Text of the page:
Hear from preservationists and advocates about what went into researching and applying for the World Heritage status that was recently awarded to eight Frank Lloyd Wright sites across the U.S.—including local icons Robie House and Unity Temple.
In mid-2019, UNESCO—the United Nations Educational, Scientific and Cultural Organization—added eight buildings in the U.S. that represent "The 20th century architecture of Frank Lloyd Wright” to its highly selective World Heritage List. Among those buildings were two recently renovated Frank Lloyd Wright buildings in the Chicago area: Robie House and Unity Temple. There are only 24 UNESCO World Heritage Sites in the U.S., with national parks and cultural sites like Monticello and the Statue of Liberty dominating the list. The inclusion of Wright’s buildings is an unprecedented and hugely significant acknowledgment of Wright’s worldwide influence on the development of modern architecture. Hear what it took to apply for the World Heritage status and discover the impact this recognition may have on the individual properties.
Program speaker: Phyllis Ellin
Phyllis Ellin is a contract historian and architectural historian for the U.S. National Park Service’s Office of International Affairs, for the World Heritage program. She has guided the preparation of several U.S. nominations and has served on U.S. delegations to the UNESCO World Heritage Committee since 2008. Prior to her retirement from the agency, she worked on a variety of history and partnership projects, including serving as the national coordinator for the Abraham Lincoln Bicentennial, and was Executive Director of the federal commission for the Illinois & Michigan Canal National Heritage Corridor. She served on the Commission on Chicago Landmarks from 2001-2011.
Program speaker: Barbara Gordon
Barbara Gordon is the Executive Director of the Frank Lloyd Wright Building Conservancy, which is the only organization dedicated to facilitating the preservation and stewardship of the remaining built works designed by Frank Lloyd Wright through advocacy, education and technical services. The Conservancy was responsible for the coordination of the nomination of eight Frank Lloyd Wright buildings to the World Heritage list, which includes Oak Park’s Unity Temple. A resident of Oak Park, Gordon was employed from 1994 to 2015 by the Chicago Architecture Foundation, her last position as Vice President of Program Operations.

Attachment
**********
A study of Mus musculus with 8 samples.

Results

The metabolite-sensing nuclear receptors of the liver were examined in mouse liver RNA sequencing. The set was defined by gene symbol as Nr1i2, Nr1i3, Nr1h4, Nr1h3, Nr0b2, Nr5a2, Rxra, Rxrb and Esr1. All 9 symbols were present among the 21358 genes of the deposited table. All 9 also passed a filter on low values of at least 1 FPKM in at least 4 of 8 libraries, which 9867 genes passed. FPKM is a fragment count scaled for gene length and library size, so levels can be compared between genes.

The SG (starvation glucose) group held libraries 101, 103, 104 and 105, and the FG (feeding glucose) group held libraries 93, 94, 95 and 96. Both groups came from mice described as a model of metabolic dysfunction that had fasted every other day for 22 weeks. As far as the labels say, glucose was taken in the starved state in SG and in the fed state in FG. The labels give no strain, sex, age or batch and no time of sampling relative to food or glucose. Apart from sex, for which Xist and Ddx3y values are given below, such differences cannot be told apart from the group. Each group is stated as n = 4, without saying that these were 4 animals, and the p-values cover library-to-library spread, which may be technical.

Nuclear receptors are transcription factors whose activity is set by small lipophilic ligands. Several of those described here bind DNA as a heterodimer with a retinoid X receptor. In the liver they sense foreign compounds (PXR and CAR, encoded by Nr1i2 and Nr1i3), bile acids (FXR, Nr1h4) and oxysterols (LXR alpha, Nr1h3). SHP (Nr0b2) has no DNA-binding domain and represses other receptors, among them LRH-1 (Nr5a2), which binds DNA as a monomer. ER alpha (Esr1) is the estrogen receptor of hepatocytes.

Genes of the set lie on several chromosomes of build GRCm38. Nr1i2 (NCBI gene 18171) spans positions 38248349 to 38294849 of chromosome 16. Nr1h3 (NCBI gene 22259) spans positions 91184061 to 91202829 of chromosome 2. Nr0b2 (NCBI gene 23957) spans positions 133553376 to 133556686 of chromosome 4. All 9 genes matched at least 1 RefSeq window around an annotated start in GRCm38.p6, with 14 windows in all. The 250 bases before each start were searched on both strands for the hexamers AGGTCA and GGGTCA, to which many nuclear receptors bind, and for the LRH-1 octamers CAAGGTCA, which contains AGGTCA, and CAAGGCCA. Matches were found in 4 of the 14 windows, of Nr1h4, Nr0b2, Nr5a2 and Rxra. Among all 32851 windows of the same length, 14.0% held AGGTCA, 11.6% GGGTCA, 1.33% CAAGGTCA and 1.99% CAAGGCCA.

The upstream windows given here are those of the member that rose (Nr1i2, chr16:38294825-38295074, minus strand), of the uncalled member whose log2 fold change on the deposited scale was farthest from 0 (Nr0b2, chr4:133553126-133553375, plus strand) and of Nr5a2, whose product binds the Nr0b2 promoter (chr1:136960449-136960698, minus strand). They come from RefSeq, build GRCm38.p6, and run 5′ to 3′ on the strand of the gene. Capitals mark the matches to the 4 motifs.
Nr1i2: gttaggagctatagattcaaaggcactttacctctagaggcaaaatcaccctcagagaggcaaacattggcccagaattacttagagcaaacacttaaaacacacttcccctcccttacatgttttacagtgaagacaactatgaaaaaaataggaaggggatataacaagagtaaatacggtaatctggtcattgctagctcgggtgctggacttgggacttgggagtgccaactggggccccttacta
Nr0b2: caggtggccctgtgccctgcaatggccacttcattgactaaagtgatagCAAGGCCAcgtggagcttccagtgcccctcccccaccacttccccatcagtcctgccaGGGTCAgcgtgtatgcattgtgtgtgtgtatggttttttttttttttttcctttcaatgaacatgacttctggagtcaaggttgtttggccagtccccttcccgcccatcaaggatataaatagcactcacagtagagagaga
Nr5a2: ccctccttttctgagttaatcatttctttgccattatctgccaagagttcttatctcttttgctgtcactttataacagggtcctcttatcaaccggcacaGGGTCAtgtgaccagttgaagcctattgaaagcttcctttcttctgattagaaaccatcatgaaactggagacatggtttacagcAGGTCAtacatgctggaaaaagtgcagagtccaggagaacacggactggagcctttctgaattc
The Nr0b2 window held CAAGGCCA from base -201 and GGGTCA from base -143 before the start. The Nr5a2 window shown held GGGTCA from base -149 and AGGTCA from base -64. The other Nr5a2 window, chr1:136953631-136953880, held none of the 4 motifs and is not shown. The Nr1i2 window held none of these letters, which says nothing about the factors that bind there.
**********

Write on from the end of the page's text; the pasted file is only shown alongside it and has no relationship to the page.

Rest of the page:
Program speaker: Justin Gunther
Justin Gunther is Vice President of the Western Pennsylvania Conservancy and Director of Fallingwater, Frank Lloyd Wright’s masterpiece of organic architecture. Prior to this role, Gunther served in preservation roles at other historic sites, including George Washington's Mount Vernon and Thomas Jefferson’s Virginia State Capitol. For almost a decade, he taught historic preservation at the Savannah College of Art and Design, where he focused on creative interpretation of heritage sites, among other topics. He's also served as vice-chair of the Savannah Historic District Board of review and board member of the City of Richmond’s Commission on Architecture Review.
Program speaker: Heidi Ruehle-May
Heidi Ruehle-May is the Executive Director of the Unity Temple Restoration Foundation in Oak Park. In this role, Ruehle-May fundraises to support the long-term preservation of Unity Temple, develops cultural and educational programming, and manages the day-to-day operations of the organization. In addition, Ruehle-May serves on the board for the Oak Park River Forest Chamber of Commerce and the Visit Oak Park tourism bureau. She enjoys volunteering for organizations that serve refugees and the homeless, is the co-founder of the United Village Arts Collaborative and a 10-year volunteer docent at Frank Lloyd Wright’s Home & Studio.
AIA/CES Credits: 2 LUs
- Ticket price includes entrance to the Chicago Architecture Center on the day of the event. View the CAC's hours.
- Discounted tickets are available with a valid student ID for $12 at the CAC Box Office.